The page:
Electrovaya has entered into a non-binding Memorandum of Understanding (MOU) with Electrotherm India to establish an Advanced Lithium SuperPolymer battery plant in India, with a capacity of up to 10 Megawatt hours per month.

The partners will establish a new joint venture company, with shared ownership between Electrotherm and Electrovaya, to manufacture battery packs for electric two-wheelers, three-wheelers and four-wheelers produced in India.

Electrotherm and Electrovaya will have the right to appoint the Managing Director and Chairman for the new Company on an alternate basis. The financial conditions of the arrangement include an initial payment by the new Company for Electrovaya’s technology and equity participation by Electrovaya, as well as a royalty fee based on production from the new battery plant.

Electrovaya will have the exclusive right to export batteries from this plant to overseas customers.

Electrotherm, the maker of the electric two-wheeler Yobyke, recently developed prototypes of electric three- and four-wheelers and hybrid-electric low-floor buses. (Earlier post.)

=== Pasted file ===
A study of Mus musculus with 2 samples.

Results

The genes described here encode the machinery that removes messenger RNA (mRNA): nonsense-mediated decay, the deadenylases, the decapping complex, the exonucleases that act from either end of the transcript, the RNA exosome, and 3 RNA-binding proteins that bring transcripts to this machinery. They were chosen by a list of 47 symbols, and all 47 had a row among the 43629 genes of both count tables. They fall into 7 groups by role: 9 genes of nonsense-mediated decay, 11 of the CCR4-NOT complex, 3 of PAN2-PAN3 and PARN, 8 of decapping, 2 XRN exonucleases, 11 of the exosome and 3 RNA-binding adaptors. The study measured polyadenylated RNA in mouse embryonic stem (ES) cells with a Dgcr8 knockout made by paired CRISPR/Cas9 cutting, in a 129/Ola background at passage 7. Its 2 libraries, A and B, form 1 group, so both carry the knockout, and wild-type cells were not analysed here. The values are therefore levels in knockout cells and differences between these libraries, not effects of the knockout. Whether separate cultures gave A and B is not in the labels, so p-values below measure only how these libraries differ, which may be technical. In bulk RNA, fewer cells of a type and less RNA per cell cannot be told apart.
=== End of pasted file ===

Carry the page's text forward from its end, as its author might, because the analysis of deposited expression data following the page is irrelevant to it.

How many kilowatt/hours per battery? I'm guessing these will do fine for bouncing around congested Indian cities.

Harvey D

Asumming that this joint venture will produce the new Electrovaya Lithium Polymer (MN series or better) with one of the best energy rating = (330 Whr/Kg) and (650 Whr/L) at a more affordable price, it could be an important step towards affordable PHEVs and BEVs.

A BEV 66 Kwh pack (good for about 300 KM) should weight about 210Kg to 240Kg.

A PHEV 22 Kwh pack (good for about 100 KM) should weight about 70Kg to 80Kg.

Once this joint venture has been in full mass production for a year or two, the $300/Kwh price could be met and boken by a wide margin.


Anything for a two wheeler is likely to be somewhere between 3 to 8 kwh.


At a modest 20 kWh/car, this factory will produce batteries for 500 cars/month. That's a nice start, but we will need thousands of these factories to make a real change.